Campfire Scripture: Uncommon scriptures, simple truth… For pondering over a warm campfire.
Author, Date and Context:
Paul of Tarsus wrote half of the New Testament. The last appointed of the apostles of Jesus Christ, Paul was so important to the Lord that Christ made a specific appearance to him, post ascension, to call him to a ministry of spreading the Gospel to the gentiles. A murderer turned missionary Paul would face persecution, beatings, shipwrecks and continual peril. The gospel transformed Paul from Christian hunter into a martyr for Christ. Despite embarking on several missionary journeys across the Greco-Roman world preaching to the gentiles, he neither formed nor ever visited the church of Rome. When it became apparent to him that he would not reach them in time, he wrote the masterpiece of Christian theology and doctrine known as ‘Romans’. Paul wrote Romans around 56 A.D.
This short passage sits nicely in a small section in Romans on Christian behaviour, living righteously and modelling Christ.
What I Reckon:
I love tales of war and conquest throughout scripture, they make for great entertaining reading. However passages like this, more than OT war history, demonstrate that even when the subject matter of a particular verse emphasizes kindness and longsuffering, the author somehow still manages to scrape the icing off the top. The Lord, ever our protector and sovereign judge, does not mince the message of wrath with phrases like ‘love the sinner’. Too much is at stake. God doesn’t need our approval, and he doesn’t suffer non believers.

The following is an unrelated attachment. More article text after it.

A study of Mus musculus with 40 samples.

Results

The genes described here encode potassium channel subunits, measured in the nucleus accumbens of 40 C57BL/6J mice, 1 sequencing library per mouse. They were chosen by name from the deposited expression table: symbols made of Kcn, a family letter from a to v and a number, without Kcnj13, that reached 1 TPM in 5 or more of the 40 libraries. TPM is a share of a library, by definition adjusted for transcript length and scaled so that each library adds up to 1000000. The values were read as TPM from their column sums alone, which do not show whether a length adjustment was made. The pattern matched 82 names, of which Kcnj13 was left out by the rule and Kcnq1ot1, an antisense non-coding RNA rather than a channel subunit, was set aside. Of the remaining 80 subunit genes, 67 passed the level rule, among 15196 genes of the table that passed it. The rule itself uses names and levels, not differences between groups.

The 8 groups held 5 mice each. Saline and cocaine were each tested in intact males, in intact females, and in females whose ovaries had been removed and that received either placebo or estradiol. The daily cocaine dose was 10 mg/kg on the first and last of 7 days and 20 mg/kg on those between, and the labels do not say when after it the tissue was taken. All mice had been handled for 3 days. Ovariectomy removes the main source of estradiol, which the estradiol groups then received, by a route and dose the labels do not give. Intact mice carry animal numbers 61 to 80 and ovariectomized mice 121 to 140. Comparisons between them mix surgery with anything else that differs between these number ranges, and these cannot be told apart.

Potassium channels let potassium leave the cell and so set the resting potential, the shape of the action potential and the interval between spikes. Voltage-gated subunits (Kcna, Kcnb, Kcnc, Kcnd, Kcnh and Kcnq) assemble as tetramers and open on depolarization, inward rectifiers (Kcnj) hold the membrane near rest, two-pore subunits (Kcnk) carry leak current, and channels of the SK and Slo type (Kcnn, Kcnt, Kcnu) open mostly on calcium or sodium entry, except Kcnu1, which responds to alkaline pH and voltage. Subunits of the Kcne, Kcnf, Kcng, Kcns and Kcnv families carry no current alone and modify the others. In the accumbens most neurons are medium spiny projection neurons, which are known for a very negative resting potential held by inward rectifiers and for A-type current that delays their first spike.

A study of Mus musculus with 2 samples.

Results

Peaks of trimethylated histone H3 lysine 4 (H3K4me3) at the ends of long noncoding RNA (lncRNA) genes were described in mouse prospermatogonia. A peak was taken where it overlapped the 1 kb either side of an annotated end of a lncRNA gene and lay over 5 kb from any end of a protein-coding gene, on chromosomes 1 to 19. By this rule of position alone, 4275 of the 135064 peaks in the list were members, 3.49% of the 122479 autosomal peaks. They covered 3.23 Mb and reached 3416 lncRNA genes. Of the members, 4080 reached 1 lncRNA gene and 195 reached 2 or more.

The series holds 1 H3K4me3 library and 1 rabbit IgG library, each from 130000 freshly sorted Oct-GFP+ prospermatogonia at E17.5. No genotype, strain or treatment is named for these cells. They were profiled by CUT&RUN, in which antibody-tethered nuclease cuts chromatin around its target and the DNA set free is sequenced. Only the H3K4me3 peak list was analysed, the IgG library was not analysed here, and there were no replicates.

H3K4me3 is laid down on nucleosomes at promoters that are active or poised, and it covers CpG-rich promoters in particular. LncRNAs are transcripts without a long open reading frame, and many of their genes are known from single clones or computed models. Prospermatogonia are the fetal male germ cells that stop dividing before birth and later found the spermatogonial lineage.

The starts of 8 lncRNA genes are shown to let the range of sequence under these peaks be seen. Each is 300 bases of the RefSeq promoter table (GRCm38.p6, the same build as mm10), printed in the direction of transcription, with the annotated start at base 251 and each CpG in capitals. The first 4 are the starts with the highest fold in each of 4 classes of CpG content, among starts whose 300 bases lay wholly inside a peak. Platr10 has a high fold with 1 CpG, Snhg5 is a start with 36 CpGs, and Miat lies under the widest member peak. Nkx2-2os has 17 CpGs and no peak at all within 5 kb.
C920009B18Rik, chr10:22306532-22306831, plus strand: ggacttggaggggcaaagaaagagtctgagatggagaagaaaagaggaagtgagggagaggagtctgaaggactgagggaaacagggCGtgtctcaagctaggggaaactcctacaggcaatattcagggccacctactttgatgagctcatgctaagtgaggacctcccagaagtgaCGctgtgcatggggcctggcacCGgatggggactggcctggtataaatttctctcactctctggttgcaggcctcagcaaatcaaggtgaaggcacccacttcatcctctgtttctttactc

“Evil for evil” means exactly what it says it means. Don’t sin, in order to repay wickedness done against you. It doesn’t mean don’t seek lawful justice against someone who has broken the law. Pray for those who sin against you, but don’t let them get away with murder.
Be at peace with all men, if possible. Again, I love the caveat. Unfortunately some people, no matter how you act, how patient and kind you are, will seek conflict out. They cannot help themselves. Even when encountering belligerence it’s important to practise keeping your composure, but there comes a time when seeking peace is no longer possible. Christ certainly never suffered fools, so don’t go around thinking you have to. It’s one thing to be diplomatic, it’s another thing to allow your passivity to put your family or loved ones in danger; there’s always a threshold.
And the best one – God will exact revenge on your behalf. That sounds pretty sinister, but I mean, literally all the unsaved will be judged for eternity. God’s ultimate act of justice will be poured out on all unbelievers. If you think that I’m just trying to use fear mongering, then you need to ask yourself why that’s so frightening to you…
All Campfire Scripture passages are taken from the New American Standard Bible, unless otherwise stated.
John MacArthur, 2006, The MacArthur Study Bible, New American Standard Bible (1995 edition).